Most companies only scratch the surface of procurement efficiency. Those that dig deeper discover that the savings can be dramatic. External purchasing is the largest single expense category for most firms, averaging 43% of total costs. Bain research shows that world-class procurement organizations can reduce a company's purchasing cost base by an average of 8%-12% and deliver additional annual savings of 2%–3% (see Figure 1).

A talented procurement team can provide leadership teams with valuable data, analysis and insights that influence what a company buys and how it buys. But many organizations wall off procurement from the rest of the business, treating it as a non-strategic service. Procurement managers that have a mandate to think strategically about what a company buys and spends can make the business case for change. But overcoming organizational silos takes time, and procurement needs to earn a seat at the table with business unit leaders.

Successful companies achieve greater savings by creating a collaborative partnership between procurement and the business, and making both accountable for results. Collaboration enables smarter, proactive purchasing decisions. One example: Procurement can provide regular feedback to business unit heads on where their spending is less efficient than the competition's. That's powerful intelligence.

Collaboration is also vital to making sure procurement savings really stick. Often, they evaporate before finance can book the gain. Why? Procurement managers seek to cut category costs (such as travel and entertainment expenses) that typically span multiple budgets, so the savings are difficult for finance to track. As a result, procurement claims large savings that never show up in the company financials—a major point of frustration for CFOs and business unit managers. When procurement and finance work together, they can create systems that reliably capture these gains, delivering real cash savings to management (see Figure 2).

Another important step is building the capabilities to lock in long-term savings. Even when companies achieve significant purchasing savings, many cannot sustain the process. Giving procurement a strategic mandate requires behavior change across the entire organization. Successful companies understand that and invest in the talent and tools to find new opportunities year after year.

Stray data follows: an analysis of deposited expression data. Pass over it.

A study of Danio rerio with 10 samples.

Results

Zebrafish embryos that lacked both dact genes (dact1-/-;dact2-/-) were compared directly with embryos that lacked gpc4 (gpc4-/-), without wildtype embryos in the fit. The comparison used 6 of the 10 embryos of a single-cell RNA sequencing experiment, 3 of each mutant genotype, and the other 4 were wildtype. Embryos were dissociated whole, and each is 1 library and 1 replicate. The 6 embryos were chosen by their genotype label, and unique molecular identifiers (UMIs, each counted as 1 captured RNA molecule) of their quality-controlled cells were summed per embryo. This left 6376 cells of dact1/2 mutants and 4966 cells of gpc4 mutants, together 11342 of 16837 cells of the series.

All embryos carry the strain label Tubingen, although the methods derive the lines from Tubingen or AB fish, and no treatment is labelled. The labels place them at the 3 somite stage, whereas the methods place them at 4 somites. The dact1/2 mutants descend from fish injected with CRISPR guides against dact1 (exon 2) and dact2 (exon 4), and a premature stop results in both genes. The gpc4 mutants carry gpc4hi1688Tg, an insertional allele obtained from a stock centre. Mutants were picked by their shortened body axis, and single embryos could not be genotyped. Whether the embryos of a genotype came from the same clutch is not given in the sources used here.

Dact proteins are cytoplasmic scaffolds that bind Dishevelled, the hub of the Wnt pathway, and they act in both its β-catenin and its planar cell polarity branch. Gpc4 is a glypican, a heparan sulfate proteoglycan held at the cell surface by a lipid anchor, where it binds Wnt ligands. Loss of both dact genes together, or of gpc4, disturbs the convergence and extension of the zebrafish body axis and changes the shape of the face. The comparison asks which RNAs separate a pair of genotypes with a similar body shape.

Buying and Spending Better

When companies set out to trim procurement costs, they typically focus on the two areas of savings that procurement offices control directly: price negotiation and supplier selection, which both help companies buy better. Negotiating lower prices for everything a company buys may sound obvious, but many companies struggle with how to do this when the offering is more customized, as in certain service categories.

For instance, a global chemicals company achieved breakthrough service savings by benchmarking the labor rates and markups it was paying suppliers against industry standards. That allowed the procurement team to renegotiate labor service contracts, yielding $75 million in savings.

Streamlining suppliers is just as important. When the same company launched a procurement transformation in 2013, one of the first moves was a strategic sourcing process that consolidated 2,000 suppliers worldwide for maintenance and repair equipment down to one main supplier. By doing so, the company won a 20% price reduction, netted more than $10 million in annual savings and improved management efficiency.

Buying better is critical, but spending better can double a company's procurement gains or more. Bain research shows that techniques for spending better—which focus on what companies are buying, not just what they pay for it—can produce 60% of total savings. Companies that do both—buy better and spend better—canvass the entire landscape of opportunities.

Three guidelines can help companies spend better:

  • Get a grip on demand. Leading companies streamline purchasing. By examining specific categories, procurement teams can put a spotlight on unnecessary spending.
  • Design to cost. World-class purchasing teams also make sure design teams are not over-engineering new products. They embed procurement managers in the R&D team to assess the cost of different components and consider alternative options that may be more cost-effective.
  • Reduce system costs. Successful companies evaluate the total cost of owning expensive items. Paying more upfront can be the more economical choice if savings over time outweigh an initial higher cost. They examine their supply chain to understand whether it makes more sense to produce items in-house or buy them from someone else. And they work with suppliers to reduce supplier complexity and bring costs down.